Credit scoring for a mortgage
Just like when you take out an overdraft or apply for a credit card, a mortgage is a form of credit that you can apply for if you want to borrow money to buy a property. Like other responsible lenders, we use a credit scoring system when we assess your mortgage application.
You can learn more about the ins-and-outs of credit scoring with our credit scoring guide. The main thing to note is that you need to have both a high enough credit score and also meet our other requirements, such as monthly income, so we know you can afford the mortgage repayments.
What's the minimum credit score I need for a mortgage?
There isn’t a specific credit score that you need for a mortgage, but the higher your score the more likely your application will be accepted.
- This is because having a higher score makes you a lower risk, and suggests that you are more likely to be able to keep up with the repayments.
- If you have any outstanding debt, or have struggled in the past to repay a credit card or other forms of credit, you will be seen as a higher risk.
- Even if you’ve never been in debt, not having any credit history could also affect an application. It’s important that as a lender we can see you have a good track record of sensible borrowing.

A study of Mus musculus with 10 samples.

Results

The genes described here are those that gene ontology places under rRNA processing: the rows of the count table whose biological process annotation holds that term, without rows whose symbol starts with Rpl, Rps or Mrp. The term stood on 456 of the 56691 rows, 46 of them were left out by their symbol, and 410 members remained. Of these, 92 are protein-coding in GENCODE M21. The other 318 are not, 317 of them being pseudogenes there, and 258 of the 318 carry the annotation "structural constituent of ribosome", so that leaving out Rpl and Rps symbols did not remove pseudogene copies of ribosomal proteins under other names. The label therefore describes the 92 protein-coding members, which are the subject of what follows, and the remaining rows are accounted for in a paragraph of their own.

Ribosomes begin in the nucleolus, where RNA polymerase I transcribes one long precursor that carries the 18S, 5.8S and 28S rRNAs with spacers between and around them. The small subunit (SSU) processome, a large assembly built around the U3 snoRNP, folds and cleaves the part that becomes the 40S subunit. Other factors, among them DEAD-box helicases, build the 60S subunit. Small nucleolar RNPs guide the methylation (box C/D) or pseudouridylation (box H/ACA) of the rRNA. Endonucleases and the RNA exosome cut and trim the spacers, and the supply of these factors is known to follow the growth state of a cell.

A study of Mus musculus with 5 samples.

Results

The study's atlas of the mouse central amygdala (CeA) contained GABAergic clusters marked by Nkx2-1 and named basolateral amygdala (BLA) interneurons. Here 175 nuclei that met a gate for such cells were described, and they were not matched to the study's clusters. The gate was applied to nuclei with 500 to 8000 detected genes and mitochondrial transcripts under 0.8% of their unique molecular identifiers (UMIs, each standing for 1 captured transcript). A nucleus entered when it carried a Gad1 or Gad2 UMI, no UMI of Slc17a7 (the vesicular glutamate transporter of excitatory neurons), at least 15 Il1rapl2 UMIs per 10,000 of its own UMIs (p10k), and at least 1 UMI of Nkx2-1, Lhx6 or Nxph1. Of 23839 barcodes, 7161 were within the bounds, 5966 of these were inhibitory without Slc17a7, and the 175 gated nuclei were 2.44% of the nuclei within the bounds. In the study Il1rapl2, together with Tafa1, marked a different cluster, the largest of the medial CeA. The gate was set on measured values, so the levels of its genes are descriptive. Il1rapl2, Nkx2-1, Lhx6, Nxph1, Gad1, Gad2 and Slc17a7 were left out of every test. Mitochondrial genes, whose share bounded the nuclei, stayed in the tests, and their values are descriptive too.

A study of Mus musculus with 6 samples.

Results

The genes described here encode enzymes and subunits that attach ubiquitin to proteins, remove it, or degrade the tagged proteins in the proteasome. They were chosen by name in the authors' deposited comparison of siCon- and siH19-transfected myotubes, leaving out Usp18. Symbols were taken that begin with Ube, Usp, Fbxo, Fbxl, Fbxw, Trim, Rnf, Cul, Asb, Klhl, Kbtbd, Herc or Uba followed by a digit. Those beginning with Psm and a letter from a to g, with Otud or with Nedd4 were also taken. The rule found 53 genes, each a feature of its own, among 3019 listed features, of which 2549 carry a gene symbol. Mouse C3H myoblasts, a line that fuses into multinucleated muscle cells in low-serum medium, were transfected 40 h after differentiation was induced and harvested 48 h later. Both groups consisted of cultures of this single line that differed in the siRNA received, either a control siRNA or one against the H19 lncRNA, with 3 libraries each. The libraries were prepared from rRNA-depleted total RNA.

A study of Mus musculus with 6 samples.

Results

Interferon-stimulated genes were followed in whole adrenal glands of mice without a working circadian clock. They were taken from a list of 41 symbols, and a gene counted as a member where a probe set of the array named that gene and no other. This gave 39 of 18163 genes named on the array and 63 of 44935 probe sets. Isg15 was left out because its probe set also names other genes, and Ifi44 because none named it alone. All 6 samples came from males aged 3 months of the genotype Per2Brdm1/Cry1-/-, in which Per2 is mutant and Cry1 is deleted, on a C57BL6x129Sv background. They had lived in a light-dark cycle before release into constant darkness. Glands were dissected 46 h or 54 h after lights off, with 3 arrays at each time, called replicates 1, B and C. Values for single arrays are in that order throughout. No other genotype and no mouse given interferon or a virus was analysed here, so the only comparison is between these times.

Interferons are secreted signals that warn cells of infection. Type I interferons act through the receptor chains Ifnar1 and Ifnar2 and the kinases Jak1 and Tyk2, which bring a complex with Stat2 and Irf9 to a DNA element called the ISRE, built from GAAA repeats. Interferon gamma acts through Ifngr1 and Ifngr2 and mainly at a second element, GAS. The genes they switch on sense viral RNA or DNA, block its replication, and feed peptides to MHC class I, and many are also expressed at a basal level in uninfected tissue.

For more information about how we make credit decisions, read our helpful credit score guide.
Can I get a mortgage with a fair credit score?
When applying for a mortgage, credit reference agencies give your credit history a rating which can range from ‘Very poor’ to ‘Excellent’ based on how you have managed your current/previous debt(s).
If you have a mid-range rating of ‘Fair’, you may still be able to get a mortgage however it is likely that you will have fewer options available to you than people who have an ‘Excellent’ or ‘Good’ rating.
Does taking out a mortgage affect your credit score?
A credit reference agency will normally carry out a ‘hard’ search on your file when you apply for a mortgage. This shouldn’t have too much of an impact on your credit rating, although your score could go down if a number of these searches are made in a short period. Having a mortgage could potentially improve your credit score over time, so long as you stay up to date with your payments.